In Praise of Book Fairs and One in Particular
By Bruce McKinney
On Saturday July 12th, at around 6:00 am, a scouting party of motivated book buyers will prepare to head off for the Friends of the C. H. Booth Library Book Sale in Newtown, Connecticut. Some will have travelled hundreds, a few even a thousand miles, to be here this morning. As book buyers they are fulfilling a necessary and in fact one of the final roles in this centipede-like process that has involved forty library volunteers in preparations for a year and will now incorporate another sixty to complete this annual library book fair over the next five days. On this morning inveterate book buyers, who will number in the hundreds in a few hours and in the thousands before the sale is over, drift in between 7:00 and 9:00 am to plunk down their ten bucks and line up for first crack at what is one of the more interesting book fairs in America. This is the five-day C. H. Booth Library Sale: an event first organized when Richard Nixon was President that continues to prosper into its fourth decade. Here where recently there have been UFO sightings the only moving vehicles attracting attention the first morning will be the expectant vans, pregnant with hope, that soon fill nearby parking spaces in anticipation of victory in the "I search for bargains" sweepstakes that will be underway at 9:00 am sharp. In a year that has seen 365 days, 8,760 hours, 525,600 minutes and 31,536,000 seconds pass by since the 2007 fair ended the opening bell is about to sound on the 2008 event.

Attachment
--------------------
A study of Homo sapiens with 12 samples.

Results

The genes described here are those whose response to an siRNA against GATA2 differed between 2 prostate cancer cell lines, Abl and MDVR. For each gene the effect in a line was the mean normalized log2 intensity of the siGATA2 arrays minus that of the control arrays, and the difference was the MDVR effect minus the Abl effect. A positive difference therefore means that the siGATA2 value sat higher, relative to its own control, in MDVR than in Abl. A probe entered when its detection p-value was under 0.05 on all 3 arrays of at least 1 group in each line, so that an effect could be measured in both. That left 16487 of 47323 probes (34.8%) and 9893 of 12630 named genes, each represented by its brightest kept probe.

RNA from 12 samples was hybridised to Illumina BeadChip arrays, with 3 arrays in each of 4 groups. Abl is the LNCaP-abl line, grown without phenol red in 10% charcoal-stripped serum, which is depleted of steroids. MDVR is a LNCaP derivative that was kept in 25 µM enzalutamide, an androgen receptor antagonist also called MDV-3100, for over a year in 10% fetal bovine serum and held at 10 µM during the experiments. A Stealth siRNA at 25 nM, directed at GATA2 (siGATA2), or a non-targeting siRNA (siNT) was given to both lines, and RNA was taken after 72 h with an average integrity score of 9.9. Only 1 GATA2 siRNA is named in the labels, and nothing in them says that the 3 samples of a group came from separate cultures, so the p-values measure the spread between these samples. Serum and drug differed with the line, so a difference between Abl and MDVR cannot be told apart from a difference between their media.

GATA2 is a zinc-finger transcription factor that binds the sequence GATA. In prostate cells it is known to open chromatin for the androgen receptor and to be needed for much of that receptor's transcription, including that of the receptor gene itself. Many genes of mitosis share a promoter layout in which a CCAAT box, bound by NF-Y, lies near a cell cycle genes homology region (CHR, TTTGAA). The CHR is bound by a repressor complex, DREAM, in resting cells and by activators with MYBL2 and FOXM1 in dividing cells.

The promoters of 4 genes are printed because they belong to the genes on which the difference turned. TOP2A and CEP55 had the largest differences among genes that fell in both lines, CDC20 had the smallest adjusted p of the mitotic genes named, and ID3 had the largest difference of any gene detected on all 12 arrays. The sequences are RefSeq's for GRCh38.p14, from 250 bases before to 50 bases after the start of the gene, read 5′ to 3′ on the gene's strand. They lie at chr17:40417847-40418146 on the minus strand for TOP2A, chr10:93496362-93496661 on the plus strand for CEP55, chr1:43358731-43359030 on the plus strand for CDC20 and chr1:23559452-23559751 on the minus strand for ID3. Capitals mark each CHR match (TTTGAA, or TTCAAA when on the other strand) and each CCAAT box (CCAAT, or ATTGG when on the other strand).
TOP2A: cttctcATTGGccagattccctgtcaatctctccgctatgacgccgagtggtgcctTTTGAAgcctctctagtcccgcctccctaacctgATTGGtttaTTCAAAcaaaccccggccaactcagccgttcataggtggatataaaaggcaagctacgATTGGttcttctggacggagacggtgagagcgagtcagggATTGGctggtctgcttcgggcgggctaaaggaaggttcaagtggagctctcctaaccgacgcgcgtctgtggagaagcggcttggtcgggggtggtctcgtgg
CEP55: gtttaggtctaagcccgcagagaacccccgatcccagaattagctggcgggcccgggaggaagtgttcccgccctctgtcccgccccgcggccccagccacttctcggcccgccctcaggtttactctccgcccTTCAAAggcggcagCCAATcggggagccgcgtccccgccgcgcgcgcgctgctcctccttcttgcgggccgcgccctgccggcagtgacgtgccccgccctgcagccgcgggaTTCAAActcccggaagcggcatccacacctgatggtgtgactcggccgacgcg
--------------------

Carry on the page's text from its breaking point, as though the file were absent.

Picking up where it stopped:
Nothing this morning is going to happen by accident. Material has been solicited and collected from several states around. The canvassing, begun as last year's sale ended, has induced material across state borders, over in-state county lines, and from out of inventories, collections, basements and attics in and around Newtown, to arrive for massing, sorting, culling, assigning and allocation. Some lucky books have gained bragging rights born of selection to the rare book room, while others, more pedestrian but possibly simply over-looked, have been shunted off to the gymnasium or cafetorium [the love child of school planners who long ago combined cafeterias and auditoriums]. So much for the old dictum "do not take food into the auditorium."
Years ago it was mostly book dealers who showed up early but increasingly collectors understand the rule: first come first served. When the doors swing open on the 12th the first-in will, by the direction they take, betray their buying preferences. The place is divided into fiction, non-fiction and rare. Eighty-five percent will heed the siren call of Hemingway, Wolfe, Twain and Updike if fiction and Solzhenitsyn, Orwell, Arendt, Frank and Bloom if non. Others will head straight for the coffee. Twenty or so will make a beeline for the rare book room where 500 or more items, culled from the roughly 120,000 pieces collected for the sale, will be available for inspection and purchase. The material they encounter will have been set aside for a variety of reasons under the general umbrella of "rare, collectible and signed" books. The word "expensive" won't be heard much. The word "quirky" and "hard to get" could be. Among this year's material is a collection on weight lifting that is mostly pamphlets, a run of religious tracts that go back to the late 18th century, vintage paperbacks, in particular science fiction and mysteries, and a collection of sheet music. There are of course many other things that will be left undiscussed so that those attending can make discoveries and take home their prizes. To participate you have to be there. This is not an eBay auction. It's more like first day of hunting season.